Dodge Economist: Cause for Optimism in Construction Industry

Construction workers looking over plans.
The construction industry remains "very resilient" despite the rising material prices, labor shortages, and what appear to be higher interest rates and a slower economy.

"Overall, the industry remains very resilient, despite what seems like a tidal wave against the sector in terms of material prices, labor shortages and what appear to be higher interest rates and a slower economy,” Branch says in the report. “Near-term, one thing that is reasonably unique is that everyone is counting on infrastructure dollars to provide stability.” 

He noted that from an economic and technological standpoint, the construction industry has an opportunity to make great strides because of the incoming government funding directed at promoting infrastructure and manufacturing.

Still, Branch advises caution, because much of the funding still needs to be appropriated by Congress annually, which can be a slow process and lead to some uncertainty.

Overall, he says, discussion of recession, supply issues and ongoing labor challenges does not seem to shake contractors' confidence.

According to the report, based on Branch’s analysis of the Dodge Momentum Index (DMI), which tracks the overall health of nonresidential building projects, owners and developers are looking beyond current economic concerns when it comes to moving forward with projects. The DMI has yet to show signs of stress amid any recession fears.

The report states that the DMI has shown overall increases across commercial and institutional components. Despite weak institutional planning activity in August, the DMI remained elevated in August, just a notch below July’s 14-year high. This indicates continued confidence from owners and developers that nonresidential building projects will be realized in the coming year.

Branch says month-to-month volatility is likely to remain for some time across the industry as challenges connected to pricing, politics and climate persists.

“Developers and owners remain confident that nonresidential building projects will weather the storm of higher interest rates and a slowing economy,” Branch says. “Whether this can be sustained remains a key question that will ultimately dictate the pattern for construction.”

Amid the ongoing labor challenges, high interest rates and uncertainty of recession, it appears the industry continues to improve.

“The Federal Reserve will continue to aggressively raise interest rates until they feel that inflation is under control,” he says. “This will create mounting pressure on building activity and potentially lead to a slowdown in construction starts by year-end.”

Cost of innovation

With the passage of the CHIPS Act and the Inflation Reduction Act, there has been an increase in government spending in the construction economy. In conjunction with those efforts comes the rising importance of sustainability and a greater effort to address the ongoing skilled-labor shortage. In addition, the report indicates that federal funding could have an impact on the technology being developed and the building materials used.

Specifically, Branch cites the Inflation Reduction Act, which is designed to increase the volume of clean-energy jobs and revitalize American manufacturing.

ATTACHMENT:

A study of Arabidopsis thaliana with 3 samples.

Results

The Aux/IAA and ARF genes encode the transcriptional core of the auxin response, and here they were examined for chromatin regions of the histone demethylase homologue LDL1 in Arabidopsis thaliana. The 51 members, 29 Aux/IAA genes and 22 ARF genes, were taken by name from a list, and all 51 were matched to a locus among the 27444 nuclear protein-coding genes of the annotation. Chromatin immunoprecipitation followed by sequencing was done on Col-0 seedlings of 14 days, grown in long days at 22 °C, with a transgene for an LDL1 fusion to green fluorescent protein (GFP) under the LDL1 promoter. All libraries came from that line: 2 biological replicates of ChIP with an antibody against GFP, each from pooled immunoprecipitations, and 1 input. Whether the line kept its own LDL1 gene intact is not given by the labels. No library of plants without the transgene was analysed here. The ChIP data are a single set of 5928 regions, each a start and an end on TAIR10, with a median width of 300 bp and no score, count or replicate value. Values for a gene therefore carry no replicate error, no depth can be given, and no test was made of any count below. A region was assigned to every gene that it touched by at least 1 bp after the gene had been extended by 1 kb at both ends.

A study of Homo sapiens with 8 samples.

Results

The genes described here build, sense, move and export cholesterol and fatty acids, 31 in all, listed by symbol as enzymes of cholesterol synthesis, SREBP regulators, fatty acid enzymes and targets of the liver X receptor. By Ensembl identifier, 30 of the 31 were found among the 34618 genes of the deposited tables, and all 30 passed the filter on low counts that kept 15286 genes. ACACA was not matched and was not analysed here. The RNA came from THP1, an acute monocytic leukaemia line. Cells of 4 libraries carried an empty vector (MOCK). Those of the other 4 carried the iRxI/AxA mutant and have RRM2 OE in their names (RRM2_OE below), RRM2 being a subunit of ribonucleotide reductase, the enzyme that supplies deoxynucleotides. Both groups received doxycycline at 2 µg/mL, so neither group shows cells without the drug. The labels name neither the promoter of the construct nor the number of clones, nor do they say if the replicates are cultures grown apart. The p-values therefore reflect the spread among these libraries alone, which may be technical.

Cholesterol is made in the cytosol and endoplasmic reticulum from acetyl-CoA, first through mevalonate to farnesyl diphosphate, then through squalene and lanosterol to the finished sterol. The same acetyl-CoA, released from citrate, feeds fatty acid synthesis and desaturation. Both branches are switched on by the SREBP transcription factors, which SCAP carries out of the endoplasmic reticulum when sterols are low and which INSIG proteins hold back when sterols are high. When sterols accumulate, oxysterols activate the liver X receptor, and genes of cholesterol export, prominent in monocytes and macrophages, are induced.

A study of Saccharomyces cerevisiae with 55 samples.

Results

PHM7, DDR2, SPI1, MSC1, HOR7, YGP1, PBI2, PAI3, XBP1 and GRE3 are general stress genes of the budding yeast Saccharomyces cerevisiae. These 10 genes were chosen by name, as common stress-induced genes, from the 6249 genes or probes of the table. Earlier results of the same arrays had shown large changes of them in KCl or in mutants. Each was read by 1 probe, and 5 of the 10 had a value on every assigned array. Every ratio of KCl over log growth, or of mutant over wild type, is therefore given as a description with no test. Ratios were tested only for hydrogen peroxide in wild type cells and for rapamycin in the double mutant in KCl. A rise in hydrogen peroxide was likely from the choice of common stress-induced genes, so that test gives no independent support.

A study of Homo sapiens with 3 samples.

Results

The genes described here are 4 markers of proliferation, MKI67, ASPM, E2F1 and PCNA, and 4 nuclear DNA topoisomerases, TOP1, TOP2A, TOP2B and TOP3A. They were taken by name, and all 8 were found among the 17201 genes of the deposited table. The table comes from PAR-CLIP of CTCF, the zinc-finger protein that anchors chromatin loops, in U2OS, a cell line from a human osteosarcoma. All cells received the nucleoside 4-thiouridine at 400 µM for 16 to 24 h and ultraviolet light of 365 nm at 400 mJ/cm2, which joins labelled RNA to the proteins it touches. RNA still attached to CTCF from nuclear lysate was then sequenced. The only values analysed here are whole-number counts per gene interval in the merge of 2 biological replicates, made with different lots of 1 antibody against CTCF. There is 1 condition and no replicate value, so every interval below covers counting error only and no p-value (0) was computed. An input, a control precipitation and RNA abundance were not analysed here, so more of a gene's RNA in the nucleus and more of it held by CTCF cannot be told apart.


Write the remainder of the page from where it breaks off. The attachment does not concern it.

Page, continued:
“The IRA’s focus on tax credits for renewable electricity and carbon capture will provide immediate benefit both for utility-scale wind and solar as well as residential rooftop solar power,” Branch says. “Renovation/retrofitting could also stand to gain as older buildings are brought up to new environmental standards. The impacts of these credits should be felt in the very near term.”

Similarly,  the report states that the CHIPS Act will start impacting manufacturing plants in 2023 and 2024.

“This money helps to address concerns around other building types connected to the U.S. infrastructure and chip fabrication plants,” Branch said. “Many U.S. companies have projects in the planning cycle as a result of the $30 billion in hard construction costs that are in the planning process.”

He notes that the CHIPS Act also includes funding to minority-serving universities and improved STEM education in rural communities from pre-K-12th grade, which is largely designed to grow the future workforce in the high-tech industries in hopes of addressing the labor shortage.

Due to labor constraints, technological advances will play a larger role in making jobs more efficient and productive. The report states that nearly 80% of civil engineers see the highest value from site technologies used on their projects that help increase productivity, up from 56% in 2021. Improved ability to gather data is the second-highest priority, with the third priority being more detailed project data, which leads to a better ability to manage the project schedule.

“Productivity in construction has been slow to make gains,” Branch says. “This is mainly because construction is just beginning to take advantage of innovative technological trends.”

He suggests that more investment should be made in technology both on-site and for back offices.

“The industry’s ability to seize these opportunities is connected to its decision-makers and their ability to access and leverage the insight and data required to drive efficiency and productivity throughout each section of the construction value chain,” Branch states. “As an injection of innovation and resources joins a changing set of values at the end of Q3, the future of construction remains bright heading into Q4.”